DIAMOND BEACH TURNS TO AUCTION
I’m sensing a trend here. Another island developer is turning to auctions in the face of a really stubborn real estate slump. Everyone agrees buyers are looking on the island, but they’re prowling for bargains.
The latest to turn to the gavel is Randall Davis, developer of Diamond Beach, a 117-unit mid-rise resort and spa under way on 8.5 acres at the seawall’s western edge. The pale pink project came online last summer. Davis hopes to sell 40-beachfront condominiums at the Aug. 22 auction. Starting bids are $140,000. Click here for auction information.
Last month, more than 600 people attended an auction of 27 units at East Beach development Palisade Palms. Buyers snapped up all the units, auctioneers reported.
Then, West End development Beachside Village, earlier this month held an auction for 29 home sites and commercial properties. No official word on whether that auction was a success.
A cascading pool runs nearly the width of Diamond Beach, a mid-rise condominium resort and spa in Galveston. Photo by Jennifer Reynolds.
All these posh developments came online just before or right after Hurricane Ike and the market dive.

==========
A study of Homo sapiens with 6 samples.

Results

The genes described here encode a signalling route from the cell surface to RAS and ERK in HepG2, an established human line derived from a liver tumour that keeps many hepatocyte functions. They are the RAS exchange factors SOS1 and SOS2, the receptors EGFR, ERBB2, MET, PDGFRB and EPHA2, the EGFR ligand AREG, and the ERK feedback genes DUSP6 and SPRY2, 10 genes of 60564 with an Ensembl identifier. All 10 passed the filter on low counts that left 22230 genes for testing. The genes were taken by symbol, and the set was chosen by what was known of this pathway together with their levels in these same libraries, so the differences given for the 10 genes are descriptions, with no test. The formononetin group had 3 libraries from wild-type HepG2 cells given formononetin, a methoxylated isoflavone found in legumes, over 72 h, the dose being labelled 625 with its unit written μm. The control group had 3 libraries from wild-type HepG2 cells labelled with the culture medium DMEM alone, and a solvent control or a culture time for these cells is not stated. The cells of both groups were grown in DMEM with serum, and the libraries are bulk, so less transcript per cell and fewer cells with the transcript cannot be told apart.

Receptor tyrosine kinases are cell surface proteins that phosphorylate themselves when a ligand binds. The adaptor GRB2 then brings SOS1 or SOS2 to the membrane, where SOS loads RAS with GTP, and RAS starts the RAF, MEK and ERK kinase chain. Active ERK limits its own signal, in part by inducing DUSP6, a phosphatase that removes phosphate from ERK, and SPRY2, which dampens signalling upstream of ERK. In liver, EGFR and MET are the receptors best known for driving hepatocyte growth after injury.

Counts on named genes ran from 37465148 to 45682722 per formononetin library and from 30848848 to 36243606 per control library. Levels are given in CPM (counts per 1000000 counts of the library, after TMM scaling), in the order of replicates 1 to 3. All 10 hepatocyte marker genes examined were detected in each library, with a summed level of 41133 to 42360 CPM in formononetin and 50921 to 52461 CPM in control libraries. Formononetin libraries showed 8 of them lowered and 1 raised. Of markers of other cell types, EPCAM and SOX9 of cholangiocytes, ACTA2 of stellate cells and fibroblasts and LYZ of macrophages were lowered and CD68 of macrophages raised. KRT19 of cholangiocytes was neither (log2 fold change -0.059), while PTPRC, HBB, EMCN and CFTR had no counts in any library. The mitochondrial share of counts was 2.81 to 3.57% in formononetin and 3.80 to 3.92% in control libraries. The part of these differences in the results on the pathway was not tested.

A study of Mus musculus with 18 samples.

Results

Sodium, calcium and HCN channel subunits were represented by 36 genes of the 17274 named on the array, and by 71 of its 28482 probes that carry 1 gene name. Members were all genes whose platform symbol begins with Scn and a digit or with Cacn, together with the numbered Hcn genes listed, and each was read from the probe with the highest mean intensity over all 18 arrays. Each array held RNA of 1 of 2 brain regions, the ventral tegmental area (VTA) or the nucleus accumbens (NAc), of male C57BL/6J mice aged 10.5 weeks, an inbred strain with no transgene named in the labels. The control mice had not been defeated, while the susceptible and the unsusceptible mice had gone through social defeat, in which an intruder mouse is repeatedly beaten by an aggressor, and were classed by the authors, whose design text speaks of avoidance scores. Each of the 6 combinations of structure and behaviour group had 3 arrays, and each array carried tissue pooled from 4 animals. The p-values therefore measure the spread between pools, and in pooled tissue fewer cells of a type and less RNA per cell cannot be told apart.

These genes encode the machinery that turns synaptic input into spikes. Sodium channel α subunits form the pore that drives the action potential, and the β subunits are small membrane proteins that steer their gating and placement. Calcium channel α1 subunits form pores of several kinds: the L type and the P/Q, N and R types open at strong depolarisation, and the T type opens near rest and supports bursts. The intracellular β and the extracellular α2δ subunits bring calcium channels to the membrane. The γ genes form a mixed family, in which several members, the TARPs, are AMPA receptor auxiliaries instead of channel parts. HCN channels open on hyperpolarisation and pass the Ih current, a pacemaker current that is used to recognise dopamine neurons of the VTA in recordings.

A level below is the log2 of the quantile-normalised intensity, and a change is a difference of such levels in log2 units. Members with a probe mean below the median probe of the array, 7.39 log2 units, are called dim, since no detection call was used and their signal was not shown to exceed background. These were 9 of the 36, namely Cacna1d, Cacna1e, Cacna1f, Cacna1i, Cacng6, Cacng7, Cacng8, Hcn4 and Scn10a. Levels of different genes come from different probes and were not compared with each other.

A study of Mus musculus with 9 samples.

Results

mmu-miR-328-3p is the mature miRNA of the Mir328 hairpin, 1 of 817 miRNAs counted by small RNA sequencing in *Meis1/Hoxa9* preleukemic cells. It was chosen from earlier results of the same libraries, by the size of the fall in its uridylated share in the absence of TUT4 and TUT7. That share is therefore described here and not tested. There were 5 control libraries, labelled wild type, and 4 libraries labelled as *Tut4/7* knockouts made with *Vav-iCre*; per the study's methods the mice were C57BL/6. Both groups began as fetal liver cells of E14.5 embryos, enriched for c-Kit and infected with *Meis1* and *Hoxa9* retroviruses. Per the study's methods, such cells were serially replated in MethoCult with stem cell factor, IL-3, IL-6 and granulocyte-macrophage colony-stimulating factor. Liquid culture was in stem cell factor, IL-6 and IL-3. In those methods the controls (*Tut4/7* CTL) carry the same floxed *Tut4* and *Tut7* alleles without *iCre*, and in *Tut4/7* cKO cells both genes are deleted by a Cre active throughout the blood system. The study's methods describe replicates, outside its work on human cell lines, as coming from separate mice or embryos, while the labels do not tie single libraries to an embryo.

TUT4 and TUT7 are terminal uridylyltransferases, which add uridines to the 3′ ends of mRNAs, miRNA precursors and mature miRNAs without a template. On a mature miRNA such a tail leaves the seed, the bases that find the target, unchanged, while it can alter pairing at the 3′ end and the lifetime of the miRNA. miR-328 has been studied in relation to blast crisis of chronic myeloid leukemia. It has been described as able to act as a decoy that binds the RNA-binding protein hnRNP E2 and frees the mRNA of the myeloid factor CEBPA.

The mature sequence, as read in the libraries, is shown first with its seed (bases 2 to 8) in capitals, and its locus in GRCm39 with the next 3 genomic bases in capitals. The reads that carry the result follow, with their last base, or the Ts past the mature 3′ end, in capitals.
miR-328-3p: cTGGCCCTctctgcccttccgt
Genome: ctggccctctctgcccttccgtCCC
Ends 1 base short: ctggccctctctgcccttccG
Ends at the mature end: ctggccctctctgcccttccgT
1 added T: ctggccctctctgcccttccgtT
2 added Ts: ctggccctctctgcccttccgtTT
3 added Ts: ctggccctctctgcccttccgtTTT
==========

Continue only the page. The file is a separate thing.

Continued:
Palisade Palms saw auctions as the best possible solution to a difficult market. Many residents were struggling to restructure financing to meet obligations, according to a May 6 letter from the project’s developer to condominium owners. Some sought to rent their units, while others decided to sell.
“Contrary to the conventional wisdom circulating at Palisade Palms, we believe this issue, in varying degrees, is affecting most residents; primary residents, secondary residents, as well as people who may be considered ‘an investor,’” Richard Anderson, a principal in Falcon Group, which developed Palisade Palms.
In the letter, Anderson echoed the sentiment of a lot of real estate industry observers. Buyers are out there, but they holding out for price drops.
“Our internal assessment has concluded that while where are currently many prospective purchasers in the Galveston marketplace, at this time they are unwilling to purchase a unit because of a lack of confidence in determining the actual market value,” Anderson said. “In other words, many sales have stalled while prospective purchasers wait to see if the prices will drop further before they will actually move forward with a purchase.”
Palisade Palms and other developers see the auctions as a way to reduce market supply on the island while buoying up property values at their projects.
What do you think? Are auctions the right way to go?